EDWARDSVILLE - Main Street’s 222 Artisan Bakery doesn’t just offer coffee, pastries and sandwiches, though that is a big part of their menu. This spot in the heart of downtown Edwardsville is a refuge for residents to connect every morning.

“The coffee is fantastic. The company is good,” Edwardsville Alderman Will Krause said. “It’s a downtown staple. Just a place to feel welcome when you come in…You don’t get that sitting at a Starbucks.”


Goodner owns the bakery with her son, Trevor, who used to work there as a barista. The duo knows almost all of their regulars by name. Goodner can point to each table and rattle off who sits there; a Bible study group in the back on Mondays, a Habitat for Humanity crew on Thursdays. Many of these customers have become her friends.

And the customers feel the same way. On an early morning, the bakery is already bustling with people on their way to work or lounging at a table and splitting a pastry.

Roger presides over the Edwardsville High School Class of 1965 breakfast table. He can usually be found outside the bakery by 5:45 a.m., waiting for Goodner to unlock the doors at 6. Edward, the owner of Weber and Rodney Funeral Home two doors down, joins him to chat about Elvis Presley and classic cars.

“It’s a good place,” Edward said of the bakery. “Kim’s really nice. She does a wonderful job in the community, and they support her. You meet all kinds of different people, which is nice.”

Across the room, another full table can agree with that. Nicknamed the Morning Crew, this group of regulars meet up every day. Libby and Jeff explained that they first came to the bakery in 2005, and the rest is history. They’ve amassed a group of friends, other regulars who come in to chat over mugs of coffee, 365 days a year.

“It’s a good start to your day,” Libby said. “I go to work every day and I come in here first.”

The group, which is also the unofficial/self-appointed Board of Directors, has little in common with one another. Some of them are retired. Others, like Libby, stop in briefly before work. Nobody works in the same field or went to the same schools.

They know each other only from this morning ritual: Every day, they settle in at their reserved table, talk about life, and sip countless cups of black coffee; anything else is, in Goodner’s words, “frou-frou.”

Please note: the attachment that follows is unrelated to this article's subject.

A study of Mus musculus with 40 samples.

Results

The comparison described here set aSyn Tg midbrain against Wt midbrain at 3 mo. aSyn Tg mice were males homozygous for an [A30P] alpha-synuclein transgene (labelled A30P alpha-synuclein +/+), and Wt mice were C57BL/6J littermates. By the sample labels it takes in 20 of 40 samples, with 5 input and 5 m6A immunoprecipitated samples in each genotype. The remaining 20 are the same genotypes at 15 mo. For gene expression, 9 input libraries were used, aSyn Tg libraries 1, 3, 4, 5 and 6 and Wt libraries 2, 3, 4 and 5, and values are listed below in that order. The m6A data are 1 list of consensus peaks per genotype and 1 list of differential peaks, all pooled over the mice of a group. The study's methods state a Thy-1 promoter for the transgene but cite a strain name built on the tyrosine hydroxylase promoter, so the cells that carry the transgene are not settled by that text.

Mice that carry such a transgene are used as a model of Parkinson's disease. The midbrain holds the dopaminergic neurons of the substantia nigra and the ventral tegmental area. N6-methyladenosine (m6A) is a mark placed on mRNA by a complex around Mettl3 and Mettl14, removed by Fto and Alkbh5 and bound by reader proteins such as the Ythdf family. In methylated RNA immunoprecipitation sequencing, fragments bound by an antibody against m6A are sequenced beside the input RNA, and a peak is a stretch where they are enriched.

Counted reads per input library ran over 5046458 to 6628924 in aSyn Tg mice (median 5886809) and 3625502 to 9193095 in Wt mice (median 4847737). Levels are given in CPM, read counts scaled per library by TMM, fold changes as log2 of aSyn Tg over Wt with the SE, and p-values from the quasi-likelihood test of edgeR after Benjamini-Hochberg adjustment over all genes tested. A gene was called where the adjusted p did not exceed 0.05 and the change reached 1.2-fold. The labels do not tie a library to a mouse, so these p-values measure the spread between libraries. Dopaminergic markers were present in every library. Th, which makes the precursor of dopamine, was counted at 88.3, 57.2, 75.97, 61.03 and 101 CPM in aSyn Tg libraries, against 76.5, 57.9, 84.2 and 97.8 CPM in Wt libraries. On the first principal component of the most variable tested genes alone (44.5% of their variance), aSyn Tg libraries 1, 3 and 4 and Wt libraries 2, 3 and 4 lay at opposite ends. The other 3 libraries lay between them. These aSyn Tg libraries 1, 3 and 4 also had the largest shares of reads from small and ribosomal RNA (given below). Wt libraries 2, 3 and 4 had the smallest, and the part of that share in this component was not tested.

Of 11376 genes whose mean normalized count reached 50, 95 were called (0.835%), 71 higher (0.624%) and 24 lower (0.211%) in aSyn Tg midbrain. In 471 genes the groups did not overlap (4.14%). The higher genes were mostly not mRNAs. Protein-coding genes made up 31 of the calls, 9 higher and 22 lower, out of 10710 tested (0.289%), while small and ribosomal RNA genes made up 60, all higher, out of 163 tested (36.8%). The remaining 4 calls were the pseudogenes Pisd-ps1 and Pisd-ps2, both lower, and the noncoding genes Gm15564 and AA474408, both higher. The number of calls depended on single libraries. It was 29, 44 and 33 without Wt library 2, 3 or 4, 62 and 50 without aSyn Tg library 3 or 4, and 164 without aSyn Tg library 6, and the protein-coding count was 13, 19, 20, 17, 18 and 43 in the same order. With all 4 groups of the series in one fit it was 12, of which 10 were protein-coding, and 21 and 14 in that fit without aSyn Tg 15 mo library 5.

Their travels are a favorite topic of conversation. Goodner and Libby went together to King Charles’s coronation earlier this year. Marc, who Goodner simply calls “Grumpy,” complained that they never stop reminiscing about England, while his tales about traveling in the Amazon are always cut short. He wrapped his hands around his mug, which is printed with a picture of Grumpy from “Snow White and the Seven Dwarfs,” and began a story that was promptly interrupted.


“It’s not the owner, I can tell you that,” Jeff said immediately. Goodner rolled her eyes.

But it’s affectionate. After all, these friends have been through a lot together. Like a lot of small businesses, the bakery took a hit during the COVID-19 Pandemic. Grief flooded the shop when Goodner lost her husband to the virus.

Throughout this time of immense sadness and change, 222 Artisan Bakery was still standing. The Morning Crew still drank their coffee on the benches outside, masked up and distanced but together. In the midst of personal tragedy, Goodner offered free breakfasts every day to anyone who needed it. The bakery was already a place for people to build community, to feel less alone; as virus rates lowered and life moved on, those who were still reeling found comfort in it once again.

“Especially during COVID, it was really hard to make friends and also have any sense of community,” Molly Roberts, one of the baristas, said, chatting as she steamed milk. “But here it’s cool, because most of the people who come in, I see every day. And I just love the staff here…Kim and Trevor just go above and beyond for us. They’ve just always been there to help out if anything’s going wrong in my life and stuff in a way that I haven’t had with other jobs.”

You can see this care in the little things. One of Goodner’s favorite customers, Matthew Butler, recently passed away. His memorial cards are stacked by the register. Bags of coffee grounds are available for purchase, and Trevor carefully samples and selects each flavor before it hits the shelves. Marc has a sandwich named after him. On Fridays, $1 for every pizza sold goes to a local charity; they’ve supported their Main Street neighbors Restore Décor throughout the month of July.

“They do so much for the community, and they're very quiet about it,” said Sherrie, who rides her bicycle from Glen Carbon to the bakery every day to share breakfast with her husband. “It’s welcoming, right? They recognize you. It’s nice to walk into a place and say, ‘How are you?’”

As Goodner surveyed the bakery, she grew reflective. The Morning Crew was chuckling at their normal table. The Class of 1965 chatted about the most recent Cardinals game. When Alderman Krause left for his office, a trio of friends immediately took his place at the window overlooking Main Street. A barista greeted a dog by name and then sheepishly asked for the owner’s so she could write down his order; they both laughed. Goodner finally spoke.

“We survived COVID because of two things,” she said. “Number one, our employees. Number two, our customers. We had very loyal customers. They didn’t want us to fail, and so they supported us through so much.”

Those customers would probably say the bakery did the same for them.

To learn more about 222 Artisan Bakery, visit their official website.